Power cuts: Zesa sleeping on duty

power cuts

EUROPE is reeling under an immense power crisis. This is one of the adverse impacts of the Russia-Ukraine war. Russian President Vladimir Putin has turned off gas taps on the Nord Stream pipeline, causing a 30% spike on gas price tags. That’s a biting energy problem.

Elsewhere in Africa, many countries are battling varying energy problems: from high fuel prices to severe electricity shortages. Even the continent’s biggest economies — South Africa and Nigeria — are experiencing electricity cuts.

But the power supply situation in Zimbabwe has been nightmarish; it has been like that for two decades but this week it has been horrendous. Businesses and domestic consumers have experienced 12-hour power supply interruptions. It’s a blackout. Manufacturers lose production time and resort to fuel powered generators, which is more costly. Miners, farmers and retailers are all affected. Resultantly, it’s the economy that suffers because energy is one of the major drivers of economic activity.

Zesa’s subsidiary — the Zimbabwe Electricity Transmission and Distribution Company (ZEDTC) — issued a statement attributing this week’s prolonged electricity cuts to depressed power generation.

The Zimbabwe Power Company (ZPC), which is a sister company to ZEDTC on Wednesday said the power utility was generating 934MW against a daily demand of 1 500MW, leaving a deficit of about 560MW. According to ZPC, the coal-powered Hwange Power Station was generating 145MW, Kariba at 751MW instead of 920MW while Harare, Bulawayo and Munyati were producing a combined 38MW.

Zesa says it has applications of 2 100MW but cannot meet demand due to poor power generation. The power utility expects to add 300MW after the commissioning of Hwange power units 7 and 8.

Zimbabwe has been stuck in the energy crisis. It just shows that it’s time to focus on alternative sources of energy such as wind and solar. A number of factories have invested in renewable energy. Some households also have solar panels on their roofs.

This makes a case for more investment in renewable power. Coal and hydro electricity generation is failing to meet demand. The results have been undesirable. Coal-powered generators are discouraged due to greenhouse gas emissions which contribute towards climate change. The power stations were built in the mid-20th Century when the population was less than the current figures. Now, Zimbabwe is thirsty for new plants to produce electricity.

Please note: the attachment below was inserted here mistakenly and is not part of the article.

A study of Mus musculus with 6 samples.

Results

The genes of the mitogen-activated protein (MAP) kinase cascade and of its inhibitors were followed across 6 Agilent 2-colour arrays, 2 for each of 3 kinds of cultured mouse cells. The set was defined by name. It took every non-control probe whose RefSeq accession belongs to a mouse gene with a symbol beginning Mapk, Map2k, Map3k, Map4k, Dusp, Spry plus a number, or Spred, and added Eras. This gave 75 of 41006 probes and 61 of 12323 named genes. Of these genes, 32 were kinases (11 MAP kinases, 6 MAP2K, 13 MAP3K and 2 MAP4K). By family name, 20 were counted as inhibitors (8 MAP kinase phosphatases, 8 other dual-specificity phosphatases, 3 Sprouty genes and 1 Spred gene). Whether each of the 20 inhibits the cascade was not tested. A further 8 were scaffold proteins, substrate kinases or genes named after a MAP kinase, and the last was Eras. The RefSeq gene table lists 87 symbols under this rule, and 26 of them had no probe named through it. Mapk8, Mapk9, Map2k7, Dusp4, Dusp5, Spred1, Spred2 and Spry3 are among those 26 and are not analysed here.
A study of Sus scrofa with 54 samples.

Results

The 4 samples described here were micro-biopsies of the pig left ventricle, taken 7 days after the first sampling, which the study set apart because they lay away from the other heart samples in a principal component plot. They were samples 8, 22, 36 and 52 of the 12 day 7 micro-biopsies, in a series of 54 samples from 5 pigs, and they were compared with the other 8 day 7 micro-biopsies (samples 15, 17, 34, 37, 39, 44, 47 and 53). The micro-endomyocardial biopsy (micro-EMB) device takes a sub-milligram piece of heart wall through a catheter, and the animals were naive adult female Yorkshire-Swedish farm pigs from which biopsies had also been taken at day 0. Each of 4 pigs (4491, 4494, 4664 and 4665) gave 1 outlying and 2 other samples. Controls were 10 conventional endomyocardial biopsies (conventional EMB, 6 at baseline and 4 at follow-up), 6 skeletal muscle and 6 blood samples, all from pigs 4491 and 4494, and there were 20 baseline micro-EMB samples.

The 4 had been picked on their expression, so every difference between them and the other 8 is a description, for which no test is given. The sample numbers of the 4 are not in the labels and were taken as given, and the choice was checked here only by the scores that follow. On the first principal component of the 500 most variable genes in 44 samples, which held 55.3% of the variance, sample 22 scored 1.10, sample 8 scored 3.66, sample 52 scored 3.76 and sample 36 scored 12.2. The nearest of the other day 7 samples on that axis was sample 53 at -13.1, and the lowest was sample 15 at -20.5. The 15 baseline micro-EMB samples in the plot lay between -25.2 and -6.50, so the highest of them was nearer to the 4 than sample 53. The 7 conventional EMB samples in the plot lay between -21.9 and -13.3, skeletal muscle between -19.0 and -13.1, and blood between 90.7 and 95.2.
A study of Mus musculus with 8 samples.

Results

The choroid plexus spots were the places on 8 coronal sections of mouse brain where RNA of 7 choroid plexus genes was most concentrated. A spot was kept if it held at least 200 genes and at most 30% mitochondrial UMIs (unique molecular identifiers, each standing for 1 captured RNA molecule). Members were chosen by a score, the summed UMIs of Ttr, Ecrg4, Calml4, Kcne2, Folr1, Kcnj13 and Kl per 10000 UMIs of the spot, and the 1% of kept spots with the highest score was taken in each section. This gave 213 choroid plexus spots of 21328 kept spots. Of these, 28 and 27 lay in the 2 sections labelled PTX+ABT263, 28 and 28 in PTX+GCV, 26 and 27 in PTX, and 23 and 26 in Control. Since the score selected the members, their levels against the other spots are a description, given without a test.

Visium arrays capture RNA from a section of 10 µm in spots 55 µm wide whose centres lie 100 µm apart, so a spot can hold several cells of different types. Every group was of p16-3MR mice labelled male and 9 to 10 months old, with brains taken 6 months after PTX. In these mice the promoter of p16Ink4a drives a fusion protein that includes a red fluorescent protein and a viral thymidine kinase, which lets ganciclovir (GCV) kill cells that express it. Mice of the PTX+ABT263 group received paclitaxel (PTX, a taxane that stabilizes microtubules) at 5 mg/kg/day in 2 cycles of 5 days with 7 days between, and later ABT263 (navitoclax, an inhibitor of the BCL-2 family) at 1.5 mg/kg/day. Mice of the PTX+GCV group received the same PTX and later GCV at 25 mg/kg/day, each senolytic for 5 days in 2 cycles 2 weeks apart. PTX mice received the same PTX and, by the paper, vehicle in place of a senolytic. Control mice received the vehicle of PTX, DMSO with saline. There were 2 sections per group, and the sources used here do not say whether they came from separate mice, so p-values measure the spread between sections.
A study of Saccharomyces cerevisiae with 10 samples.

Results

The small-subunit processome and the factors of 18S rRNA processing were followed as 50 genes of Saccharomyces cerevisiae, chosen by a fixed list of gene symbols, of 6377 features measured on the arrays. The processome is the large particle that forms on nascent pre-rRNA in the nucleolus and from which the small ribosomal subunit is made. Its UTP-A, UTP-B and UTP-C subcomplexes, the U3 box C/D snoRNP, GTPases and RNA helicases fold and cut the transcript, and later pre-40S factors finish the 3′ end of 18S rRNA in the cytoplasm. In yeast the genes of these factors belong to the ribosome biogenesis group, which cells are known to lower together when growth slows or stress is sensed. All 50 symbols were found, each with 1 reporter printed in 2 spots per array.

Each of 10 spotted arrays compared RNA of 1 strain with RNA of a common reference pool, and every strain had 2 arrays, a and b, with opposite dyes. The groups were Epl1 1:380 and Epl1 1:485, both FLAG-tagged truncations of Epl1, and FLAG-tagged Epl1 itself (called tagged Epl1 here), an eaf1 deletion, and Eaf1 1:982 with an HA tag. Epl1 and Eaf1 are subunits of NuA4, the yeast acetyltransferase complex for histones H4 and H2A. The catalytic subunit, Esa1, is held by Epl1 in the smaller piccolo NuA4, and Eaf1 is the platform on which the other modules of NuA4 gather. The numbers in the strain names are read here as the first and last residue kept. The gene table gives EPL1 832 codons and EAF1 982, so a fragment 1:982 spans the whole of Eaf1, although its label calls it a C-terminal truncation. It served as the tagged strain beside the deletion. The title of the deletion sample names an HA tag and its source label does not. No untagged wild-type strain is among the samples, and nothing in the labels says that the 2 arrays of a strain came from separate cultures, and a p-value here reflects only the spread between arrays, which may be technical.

In the 2023 national budget, Finance minister Mthuli Ncube has to prioritise renewable energy. Other government departments have to play their role in facilitating easy implementation of solar projects. Several global investors have been frustrated by the lethargic approach of junior and senior officials at ministries such as that of Lands and Agriculture where solar power plant builders have struggled or even failed to access farms for such projects.

There are vast tracts of land lying idle. The sun shines. But the officials responsible for processing offer letters don’t play ball. This hinders the ease of doing business.

Other countries, with Rwanda in mind, have improved the ease of doing business and investors are flocking to implement projects. What is wrong with some of the government departments?

President Emmerson Mnangagwa wants an upper middle-class income by 2030. He wants the period from now to 2030 to be Zimbabwe’s decade but with incompetent and corrupt junior officers manning government departments, the vision can easily be aborted.

The electricity crisis is full-blown. Only tangible action can solve the problem. Power regulatory authorities who issued tens of licences which are held for speculative purposes must be revoked and allocated to those with capacity.

Zimbabweans need a reliable power supply. This can be achieved through building of new power plants but in all the processes to invest in energy projects, government officials have to make life easier for prospective investors.

Energy is a key economic driver; it’s important and the power utility should give consumers – business and domestic – value for money.